If you’ve never led an interview before where do you start? This short guide, prepared with Laura White, Operations Director of The Treasury Recruitment Company, will ensure you are heading in the right direction.
A lot rides on getting the right person for the job. Interviewing is a skill that can be developed and honed. Here is a brief guide to help you deliver an effective interview.
The first step here is to ask lots of open questions to get the applicant talking. They generally allow the applicant to express their opinions or feelings and allow you to gain valuable insights into their behaviours and personality.
When asking open questions, try using the TED technique: ‘tell me about…’; ‘explain to me…’; ‘describe for me…’. For example: ‘tell me how you produced that report…’ or ‘explain your involvement in the system implementation project…’.
Probing questions are still open in style, however they require the applicant to delve a bit deeper into their answer. Use the five Ws (and one H): who, what, why, where, when and how. For example: ‘who else was involved in the project’; ‘what exactly was your role in the project’; or ‘what did you learn from the project’.
Finally, closed questions encourage applicants to reach a final point or to clarify a certain situation by requiring short and focused (possibly ‘yes’ or ‘no’) answers.
Structured vs unstructured
An unstructured approach steers the interview down whichever path feels right at the time. There is compelling evidence to suggest that these interviews are poor predictors of actual on-the-job performance.
A fully structured interview eliminates subjectivity but can be too rigid. Interviewer flexibility may therefore be necessary, depending on the interviewee and the way the interview evolves. However, the following stages should be adopted in every structured interview.
Seven stages of structured interviewing
Stage 1. Introduction
Think about how you greet candidates and where they will be sitting whilst waiting for the interview. Question how the interview room looks and feels. Think about your own body language, how you introduce yourself, and what distractions are around you that may interrupt the interview.
Stage 2. Career history and experience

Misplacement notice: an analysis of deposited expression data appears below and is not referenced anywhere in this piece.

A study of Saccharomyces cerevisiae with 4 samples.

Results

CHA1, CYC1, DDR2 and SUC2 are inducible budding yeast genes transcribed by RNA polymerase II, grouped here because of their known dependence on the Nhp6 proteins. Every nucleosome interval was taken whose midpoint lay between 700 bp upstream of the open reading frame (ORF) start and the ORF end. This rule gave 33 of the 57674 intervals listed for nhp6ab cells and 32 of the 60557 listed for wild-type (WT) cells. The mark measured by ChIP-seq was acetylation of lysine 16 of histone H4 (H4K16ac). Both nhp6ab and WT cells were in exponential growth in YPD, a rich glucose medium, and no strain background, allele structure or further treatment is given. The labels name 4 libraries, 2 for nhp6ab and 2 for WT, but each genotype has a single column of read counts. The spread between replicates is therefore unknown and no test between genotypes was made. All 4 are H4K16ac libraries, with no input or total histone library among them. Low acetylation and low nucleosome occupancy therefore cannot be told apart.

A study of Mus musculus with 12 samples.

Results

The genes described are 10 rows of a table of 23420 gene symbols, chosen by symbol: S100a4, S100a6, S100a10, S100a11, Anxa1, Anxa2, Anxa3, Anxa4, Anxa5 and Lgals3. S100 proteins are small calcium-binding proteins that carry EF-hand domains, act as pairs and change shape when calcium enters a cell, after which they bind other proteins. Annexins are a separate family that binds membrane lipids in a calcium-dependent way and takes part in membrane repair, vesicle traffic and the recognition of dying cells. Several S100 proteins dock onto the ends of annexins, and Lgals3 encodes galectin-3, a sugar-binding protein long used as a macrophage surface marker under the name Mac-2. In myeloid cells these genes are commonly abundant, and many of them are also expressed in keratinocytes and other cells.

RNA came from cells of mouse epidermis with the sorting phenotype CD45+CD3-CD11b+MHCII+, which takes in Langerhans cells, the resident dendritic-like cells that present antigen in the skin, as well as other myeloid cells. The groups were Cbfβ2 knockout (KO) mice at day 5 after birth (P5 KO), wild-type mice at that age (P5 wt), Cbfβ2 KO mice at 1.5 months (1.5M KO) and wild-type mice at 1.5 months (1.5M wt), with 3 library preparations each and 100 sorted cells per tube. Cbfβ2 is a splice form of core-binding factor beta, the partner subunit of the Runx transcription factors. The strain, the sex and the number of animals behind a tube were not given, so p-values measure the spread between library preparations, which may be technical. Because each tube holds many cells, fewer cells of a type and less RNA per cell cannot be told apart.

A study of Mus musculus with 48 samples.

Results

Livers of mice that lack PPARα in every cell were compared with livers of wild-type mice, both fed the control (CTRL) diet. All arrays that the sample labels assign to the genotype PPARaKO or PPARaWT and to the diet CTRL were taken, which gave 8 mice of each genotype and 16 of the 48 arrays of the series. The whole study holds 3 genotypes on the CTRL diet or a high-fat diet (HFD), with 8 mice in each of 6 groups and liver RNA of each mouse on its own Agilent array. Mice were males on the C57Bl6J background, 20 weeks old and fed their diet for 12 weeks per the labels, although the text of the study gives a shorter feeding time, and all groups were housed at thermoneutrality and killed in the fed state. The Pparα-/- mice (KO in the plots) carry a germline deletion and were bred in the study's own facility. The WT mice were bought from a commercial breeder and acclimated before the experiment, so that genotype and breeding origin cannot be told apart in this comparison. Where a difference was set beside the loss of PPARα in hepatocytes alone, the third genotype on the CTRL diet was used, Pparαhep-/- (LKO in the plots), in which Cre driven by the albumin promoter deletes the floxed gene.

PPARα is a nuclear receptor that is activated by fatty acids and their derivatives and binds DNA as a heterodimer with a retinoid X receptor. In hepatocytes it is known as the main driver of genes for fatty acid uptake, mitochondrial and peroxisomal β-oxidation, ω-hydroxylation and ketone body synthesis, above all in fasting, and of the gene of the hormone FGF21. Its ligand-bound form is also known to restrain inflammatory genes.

This is where the bulk of the interview should be focused. If you are following a truly structured interview with a pre-defined list of questions, this is where you start. The funnel technique is critical here.
A great opener is ‘describe to me your career history to date starting from when you first moved into treasury…’ or from whichever starting point you feel is most appropriate.
You can then steer the candidate down appropriate paths accordingly. Key things to look out for include what are their key strengths/weaknesses; what have been their main achievements; what aspects of their roles have they enjoyed/disliked; what have been their reasons for leaving previous roles; are there any gaps or anomalies on their CV; and how well do they communicate/present themselves.
Stage 3. Aspirations and goals
It is a mistake to assume the role is what the interviewee is looking for. By asking the right questions, interviewers will establish the applicant’s true aspirations and goals, and whether these will be achievable within your business.
Candidates will likely mould their answers to reflect the role on offer, but probing questions will enable the interviewer to test for shortfalls and genuine suitability for the role. Areas of concern must be addressed at this stage, before it goes too far.
Some questions here might include: ‘what does your ideal next role look like’ and ‘what are your career goals over the next five years’.
Stage 4. Search status
Again, this is often missed out by interviewers but consider the frustration if you have been through the whole process and have made an offer only to discover that the candidate has accepted an offer from another firm, or has received and accepted a counter-offer by their existing employer.
Here are some example questions:
‘How long have you been looking?’ If they have been looking for a while, why have they not secured a role yet?
‘What positions have you applied for?’ Do the roles they are applying for and companies they are applying to, reflect what you have on offer?
‘Have you attended any interviews?’ If they have been looking for a while but not had any interviews, does this ring alarm bells? Or if they have attended lots of interviews but no job offers, what does this tell you?
‘What stage are you at with your interviews?’ If they have been interviewing elsewhere, it is vital to understand what stage they have reached with other businesses.
‘If we were to offer you the role, what do you think your current employer would say?’ Are they really committed to leaving their current company or are they simply looking for a reason to push their current company for a pay rise?
Stage 5. Personal details
This section focuses on current salaries, benefits packages, notice periods and information which may impact hiring decisions or processes. Ascertain the correct information now as it could call a halt to the whole process further down the line.
Stage 6. Job brief and sell
Interviewers often start by giving an overview of the role for which they’re recruiting, and what they’re looking for. But how can you sell the specific aspects of the role that are relevant to that applicant, before you know what they are looking for?
By describing the features, advantages and benefits at the end of the interview, the candidate should leave feeling excited by the opportunity.
Stage 7. Next steps
Never forget interviewees who are not successful; this is about perception and reputation. You never know when your paths may cross again. You don’t know who that person knows. Treat them how you would expect to be treated yourself. Always provide feedback from the interview and follow up when you say you will.